Posted on: October 21, 2020
Security orchestration, automation, and response (SOAR) is a collective of tools in a single solution that is designed to automate, scale, and make security operations teams more efficient. Prior to SOAR, three primary tools made up the solution: Security incident response platforms (SIRPs), security orchestration and automation (SOA), and threat intelligence platforms (TIPs). Amidst all three platforms, SOAR is not a one-to-one replacement, but more so a connector, bringing automation into the fold.
According to the 2020 Gartner Market Guide for SOAR, “SOAR tools are mostly used for incident response and the workflow, automation, and orchestration of workflows, or the combination of the two. Threat intelligence management in SOAR tools is increasingly becoming native functionality in SOAR tools outside those that were initiated primarily as TIPs; however, it is still not the main driver for buyers.”
Although SOAR tools are advancing, and many security orchestration vendors are acquiring or building them, there are several components that security operation teams should seek out.
Common SOAR Tools
There are numerous tools that go into a full SOAR solution, with the most common capabilities listed below:
Incident Management or Case Management
With SOAR, incident response (IR) teams can manage the triage, investigation, and actioning of incidents and cases using automation.
Workflows and Processes
The workflows and processes in SOAR platforms are automated to follow a tiered system based on manual or triggered actions. This in particular reduces frequent manual and repetitive tasks.
Like most IR solutions, having the ability to document on a closed resolution makes it easier to track down relevant details and context in the event a similar situation occurs. SOAR incident knowledge bases are designed to streamline processes and increase collaboration.
SOAR as a solution is made up of various tools, which means integration between them is key. By having a solution that plays well with others, SOC and IR teams can break down collaboration silos, reduce engineering time, and function as a bridge between on-premise and cloud technology.
SOAR Playbooks are a series of steps and actions that leverage cyber fusion to correlate various threats and incidents and deliver an automated response. Cyber fusion empowers disparate internal security teams such as threat hunting, vulnerability management, threat intelligence, security operations center (SOC), and others to collaborate to deliver an effective incident response. Further, incident response playbooks leverage real-time threat intelligence and security orchestration, automation, and response (SOAR) technologies to propel security operations.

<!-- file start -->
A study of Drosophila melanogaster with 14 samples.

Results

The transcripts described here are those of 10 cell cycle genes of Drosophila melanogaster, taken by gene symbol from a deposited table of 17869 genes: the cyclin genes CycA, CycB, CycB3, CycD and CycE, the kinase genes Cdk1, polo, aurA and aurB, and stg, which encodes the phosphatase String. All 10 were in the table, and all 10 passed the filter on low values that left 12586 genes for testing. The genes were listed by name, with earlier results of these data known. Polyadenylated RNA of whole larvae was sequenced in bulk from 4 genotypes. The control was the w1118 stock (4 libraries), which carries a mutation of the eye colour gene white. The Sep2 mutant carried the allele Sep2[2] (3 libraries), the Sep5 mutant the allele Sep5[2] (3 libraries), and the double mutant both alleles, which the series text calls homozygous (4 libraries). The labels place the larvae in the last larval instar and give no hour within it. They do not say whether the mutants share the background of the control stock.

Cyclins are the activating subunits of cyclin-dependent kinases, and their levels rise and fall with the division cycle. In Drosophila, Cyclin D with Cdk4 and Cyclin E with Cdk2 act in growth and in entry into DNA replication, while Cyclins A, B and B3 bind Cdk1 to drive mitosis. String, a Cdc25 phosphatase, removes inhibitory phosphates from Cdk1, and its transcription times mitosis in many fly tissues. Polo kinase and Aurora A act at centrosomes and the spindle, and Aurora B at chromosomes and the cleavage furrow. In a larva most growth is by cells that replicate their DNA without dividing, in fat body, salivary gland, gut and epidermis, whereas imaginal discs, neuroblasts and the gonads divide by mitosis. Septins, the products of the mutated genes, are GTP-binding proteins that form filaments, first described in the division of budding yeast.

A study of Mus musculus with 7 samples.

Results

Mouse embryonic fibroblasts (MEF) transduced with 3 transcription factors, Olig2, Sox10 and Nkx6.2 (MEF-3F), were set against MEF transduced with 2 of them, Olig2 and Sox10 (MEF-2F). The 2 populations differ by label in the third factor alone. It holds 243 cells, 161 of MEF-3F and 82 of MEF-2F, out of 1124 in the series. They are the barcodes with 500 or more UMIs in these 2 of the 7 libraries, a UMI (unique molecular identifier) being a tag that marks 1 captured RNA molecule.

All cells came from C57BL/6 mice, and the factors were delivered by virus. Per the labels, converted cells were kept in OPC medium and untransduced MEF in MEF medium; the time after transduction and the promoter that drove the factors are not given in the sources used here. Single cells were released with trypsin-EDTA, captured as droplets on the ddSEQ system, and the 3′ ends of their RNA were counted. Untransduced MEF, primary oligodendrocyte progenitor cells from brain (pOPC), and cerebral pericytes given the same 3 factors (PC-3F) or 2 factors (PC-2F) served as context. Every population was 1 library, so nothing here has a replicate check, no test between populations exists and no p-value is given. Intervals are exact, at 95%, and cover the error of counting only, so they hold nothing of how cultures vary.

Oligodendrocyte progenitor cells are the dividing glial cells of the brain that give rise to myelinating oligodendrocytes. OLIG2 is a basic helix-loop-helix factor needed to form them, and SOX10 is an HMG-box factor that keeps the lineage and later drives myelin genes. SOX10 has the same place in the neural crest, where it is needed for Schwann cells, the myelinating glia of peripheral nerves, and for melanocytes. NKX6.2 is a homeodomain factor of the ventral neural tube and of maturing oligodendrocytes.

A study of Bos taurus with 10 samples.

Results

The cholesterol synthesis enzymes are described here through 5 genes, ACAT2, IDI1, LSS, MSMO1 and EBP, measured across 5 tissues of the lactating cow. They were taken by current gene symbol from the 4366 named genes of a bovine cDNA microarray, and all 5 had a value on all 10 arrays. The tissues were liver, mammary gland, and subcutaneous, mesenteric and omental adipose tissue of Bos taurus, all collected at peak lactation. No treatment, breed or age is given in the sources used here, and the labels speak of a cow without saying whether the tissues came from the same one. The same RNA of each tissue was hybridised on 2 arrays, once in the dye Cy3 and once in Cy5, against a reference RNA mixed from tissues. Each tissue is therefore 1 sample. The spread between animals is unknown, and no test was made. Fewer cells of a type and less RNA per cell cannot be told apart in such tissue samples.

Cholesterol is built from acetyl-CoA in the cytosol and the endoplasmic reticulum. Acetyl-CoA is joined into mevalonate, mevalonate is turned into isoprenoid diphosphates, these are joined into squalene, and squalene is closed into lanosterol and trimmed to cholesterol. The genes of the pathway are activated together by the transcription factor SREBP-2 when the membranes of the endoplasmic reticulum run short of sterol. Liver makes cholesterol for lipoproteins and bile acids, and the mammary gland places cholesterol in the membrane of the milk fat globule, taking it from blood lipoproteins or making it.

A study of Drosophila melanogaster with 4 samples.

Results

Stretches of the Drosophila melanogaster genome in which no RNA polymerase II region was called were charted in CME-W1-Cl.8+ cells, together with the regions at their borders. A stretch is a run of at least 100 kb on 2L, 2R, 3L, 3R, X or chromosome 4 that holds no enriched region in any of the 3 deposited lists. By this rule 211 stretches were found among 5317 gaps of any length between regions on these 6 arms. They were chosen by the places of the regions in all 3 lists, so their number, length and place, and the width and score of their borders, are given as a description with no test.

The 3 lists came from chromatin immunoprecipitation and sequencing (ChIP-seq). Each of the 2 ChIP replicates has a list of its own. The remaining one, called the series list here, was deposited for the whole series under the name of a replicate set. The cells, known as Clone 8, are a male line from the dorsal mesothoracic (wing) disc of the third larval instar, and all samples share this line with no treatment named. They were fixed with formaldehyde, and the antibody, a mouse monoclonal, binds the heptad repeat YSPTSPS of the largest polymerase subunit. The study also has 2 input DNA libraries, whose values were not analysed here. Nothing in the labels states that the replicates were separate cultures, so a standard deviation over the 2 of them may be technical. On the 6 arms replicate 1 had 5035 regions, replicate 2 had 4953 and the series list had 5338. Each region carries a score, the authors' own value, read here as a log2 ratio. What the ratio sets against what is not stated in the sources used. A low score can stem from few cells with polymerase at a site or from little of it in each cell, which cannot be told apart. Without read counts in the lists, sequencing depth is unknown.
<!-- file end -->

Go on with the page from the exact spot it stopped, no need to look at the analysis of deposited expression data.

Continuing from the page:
Threat Intelligence Aggregation, Curation, and Distribution
Another key benefit of having a SOAR platform is gaining the ability to aggregate, curate, and distribute threat intelligence. By having a single dashboard that provides a home for incoming and outgoing threat intel, teams become more efficient. Now, with a single 360-view, intel is deduplicated, enriched, and made accessible to security management for decision making and actioning.
SOAR platforms allow for threat data enrichment from premium or open-source feeds with real-time correlation, deduplication, and analysis. This process results in high-fidelity results, cutting down on alert fatigue through graduated indicator deprecation.
Dashboards and Visualizations
Dashboards allow SOC and IR teams to manage multiple related incidents/threats from a single place. They can then leverage relevant threat intelligence ingestion, streamlined workflow automation, and sophisticated campaign management to reduce noise and false alarms. Some SOAR platforms also allow for custom dashboards that include visualizations featuring reports and charts that can track team productivity and performance.
Why SOAR Tools are Needed and Their Benefits
SOAR tools are the collective components that make up the full solution. In the past, these are individual tools such as those used by SOC or IR teams but are now designed to create a more robust offering. In some cases, this can be to retain the same vendor’s software set so that consistency in results can be prioritized, in others, it’s to ensure automation can be most effective, and in others to connect on-premise to cloud tools.
The benefits are vast, but ultimately SOAR is designed to make security teams more efficient through automation, improve communication around threats, increase visibility and decrease time to detect threats, and free analysts to work on higher priorities. Rather than experience alert fatigue, analysts and IR teams gain access to machine-speed intelligence for high-fidelity results. Depending on the solution or tools that make up the SOAR solution, most of these benefits should be quickly realized.